Hawaiian-Chinese Surnames

 

     Genealogical research for those with Hawaiian-Chinese surnames is a field of its own.  The early plantation laborers were registered under their given name rather than their full names.  Without a Chinese surname listed, the researcher has to ask relatives, copy gravestone markings, check baptismal records and society records for clues.  A surname might be lost also when a young Chinese lad entering school for the first time was asked his name and was registered with his surname as his given name and vice versa. 

 

     Chinese words are monosyllabic.  Most Chinese surnames are single characters.  Many Hawaiian-sounding surnames are not true Hawaiian names.  Furthermore, these surnames are not Chinese surnames either.  They are Chinese first names with "Ah" or the prefix "A" before it.  They are informal given names, relationship names, or Hawaiianized Chinese given names used as surnames.

 

     The prefix "A" or the word "Ah" is a diminutive like "ette" in the French name Jeanette or the "ie" or "y" in the English name Jimmie or Johnny.  Such names are informal names used by family and friends.  A Chinese example would be Ah Lan instead of Yuk Lan, and Afook instead of Kam Fook.  Afook, Asing, and Ah Loy are examples of first names used as Hawaiian surnames.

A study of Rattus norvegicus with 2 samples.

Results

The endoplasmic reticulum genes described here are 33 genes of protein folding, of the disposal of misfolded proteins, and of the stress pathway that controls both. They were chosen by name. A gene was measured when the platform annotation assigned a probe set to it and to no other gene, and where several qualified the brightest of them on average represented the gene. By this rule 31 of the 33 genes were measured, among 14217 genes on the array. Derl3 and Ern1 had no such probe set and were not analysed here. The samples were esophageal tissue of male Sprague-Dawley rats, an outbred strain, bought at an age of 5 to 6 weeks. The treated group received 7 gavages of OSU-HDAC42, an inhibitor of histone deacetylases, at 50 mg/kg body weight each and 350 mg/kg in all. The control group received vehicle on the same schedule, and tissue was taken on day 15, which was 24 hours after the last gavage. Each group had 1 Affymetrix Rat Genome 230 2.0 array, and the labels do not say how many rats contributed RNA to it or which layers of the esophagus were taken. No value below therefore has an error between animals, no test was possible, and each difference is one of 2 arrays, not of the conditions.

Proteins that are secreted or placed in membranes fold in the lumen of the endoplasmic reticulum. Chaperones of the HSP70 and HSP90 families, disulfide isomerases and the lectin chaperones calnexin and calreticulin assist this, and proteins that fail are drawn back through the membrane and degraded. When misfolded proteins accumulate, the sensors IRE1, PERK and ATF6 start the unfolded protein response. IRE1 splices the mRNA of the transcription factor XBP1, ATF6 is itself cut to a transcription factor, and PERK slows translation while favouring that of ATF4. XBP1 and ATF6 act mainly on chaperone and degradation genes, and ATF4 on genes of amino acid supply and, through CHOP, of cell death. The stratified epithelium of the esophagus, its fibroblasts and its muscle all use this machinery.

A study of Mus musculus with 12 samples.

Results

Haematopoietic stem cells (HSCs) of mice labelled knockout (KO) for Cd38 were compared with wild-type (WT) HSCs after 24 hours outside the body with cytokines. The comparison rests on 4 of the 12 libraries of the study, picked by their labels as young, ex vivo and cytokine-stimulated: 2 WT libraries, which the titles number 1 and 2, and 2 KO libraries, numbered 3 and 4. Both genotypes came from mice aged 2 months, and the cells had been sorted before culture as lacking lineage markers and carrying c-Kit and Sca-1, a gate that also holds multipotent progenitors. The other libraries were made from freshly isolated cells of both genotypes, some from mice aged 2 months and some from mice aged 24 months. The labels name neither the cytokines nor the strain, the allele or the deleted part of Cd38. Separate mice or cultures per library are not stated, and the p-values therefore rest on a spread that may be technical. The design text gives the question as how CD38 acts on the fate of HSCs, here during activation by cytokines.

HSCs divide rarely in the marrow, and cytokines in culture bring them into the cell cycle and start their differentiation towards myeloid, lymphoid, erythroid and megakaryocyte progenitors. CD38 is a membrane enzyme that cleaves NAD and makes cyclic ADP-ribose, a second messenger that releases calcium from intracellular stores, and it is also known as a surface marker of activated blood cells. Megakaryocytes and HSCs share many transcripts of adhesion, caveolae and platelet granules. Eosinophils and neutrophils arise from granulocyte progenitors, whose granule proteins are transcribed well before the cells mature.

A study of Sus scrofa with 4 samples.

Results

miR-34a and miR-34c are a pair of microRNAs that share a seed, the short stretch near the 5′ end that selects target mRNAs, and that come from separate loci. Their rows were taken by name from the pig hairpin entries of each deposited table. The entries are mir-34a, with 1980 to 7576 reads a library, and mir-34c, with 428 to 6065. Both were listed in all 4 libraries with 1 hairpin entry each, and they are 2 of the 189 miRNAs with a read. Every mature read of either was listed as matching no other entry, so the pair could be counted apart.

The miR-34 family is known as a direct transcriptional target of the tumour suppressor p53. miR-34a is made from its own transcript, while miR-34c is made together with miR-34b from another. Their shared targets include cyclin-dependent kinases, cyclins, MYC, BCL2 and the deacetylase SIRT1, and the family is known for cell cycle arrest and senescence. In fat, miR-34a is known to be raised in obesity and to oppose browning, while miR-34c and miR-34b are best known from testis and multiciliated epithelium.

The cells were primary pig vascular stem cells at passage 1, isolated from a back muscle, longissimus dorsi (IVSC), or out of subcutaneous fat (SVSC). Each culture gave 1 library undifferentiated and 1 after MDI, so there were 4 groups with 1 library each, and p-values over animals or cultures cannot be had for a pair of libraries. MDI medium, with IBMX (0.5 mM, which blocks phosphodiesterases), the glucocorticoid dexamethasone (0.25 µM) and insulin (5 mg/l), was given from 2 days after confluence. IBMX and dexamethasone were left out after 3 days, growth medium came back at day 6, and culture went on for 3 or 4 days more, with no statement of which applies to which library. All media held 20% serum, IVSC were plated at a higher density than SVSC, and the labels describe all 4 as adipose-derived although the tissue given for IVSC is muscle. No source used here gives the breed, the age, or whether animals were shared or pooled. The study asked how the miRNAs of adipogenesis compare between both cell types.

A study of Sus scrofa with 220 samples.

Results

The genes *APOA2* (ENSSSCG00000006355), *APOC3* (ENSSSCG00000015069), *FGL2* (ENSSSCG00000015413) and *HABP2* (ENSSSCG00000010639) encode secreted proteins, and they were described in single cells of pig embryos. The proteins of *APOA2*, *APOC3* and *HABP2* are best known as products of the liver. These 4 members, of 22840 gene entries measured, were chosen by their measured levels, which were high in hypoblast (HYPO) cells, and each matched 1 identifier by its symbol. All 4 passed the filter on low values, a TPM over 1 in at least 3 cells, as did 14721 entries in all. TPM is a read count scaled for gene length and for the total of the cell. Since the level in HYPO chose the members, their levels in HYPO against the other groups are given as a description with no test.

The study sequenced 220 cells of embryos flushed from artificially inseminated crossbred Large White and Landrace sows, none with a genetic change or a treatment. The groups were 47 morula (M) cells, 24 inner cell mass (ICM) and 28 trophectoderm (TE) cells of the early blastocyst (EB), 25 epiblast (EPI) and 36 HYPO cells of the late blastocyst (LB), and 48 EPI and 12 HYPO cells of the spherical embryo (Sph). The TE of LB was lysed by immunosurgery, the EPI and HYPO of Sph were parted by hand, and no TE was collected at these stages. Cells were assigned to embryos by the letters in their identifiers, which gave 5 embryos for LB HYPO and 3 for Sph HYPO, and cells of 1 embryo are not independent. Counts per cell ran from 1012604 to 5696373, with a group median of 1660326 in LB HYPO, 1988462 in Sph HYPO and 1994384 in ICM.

Sometimes Hawaiian-Chinese surnames were originally family relationship names like Apo, meaning "grandma," Ako, meaning "elder brother," or Ah Nee, meaning "No. 2 child in the family."  Chinese like to address family friends, not only their true blood relatives, by affectionate appellations denoting close family relationships.

 

     Often a Chinese will taken on a Hawaiianized first name like Akana, which is derived from "A" plus "kan" plus "a" with its soft Hawaiian suffix, as his surname.  Other Hawaiianized Chinese surnames are Ahana, Awana and Ai.

 

Click here for a longer list of some Hawaiian-Chinese surnames

 

    These coinages were evidence of the warm relationship existing between the native Hawaiians and the early Chinese immigrants.  Many Chinese spoke Hawaiian as their second language, and many Hawaiians went to China with their Chinese husbands or fathers and spoke Chinese fluently. 

 

 

Source:  Lai, Researching One's Chinese Roots.  Hawaii Chinese History Center, Honolulu, HI.  1988.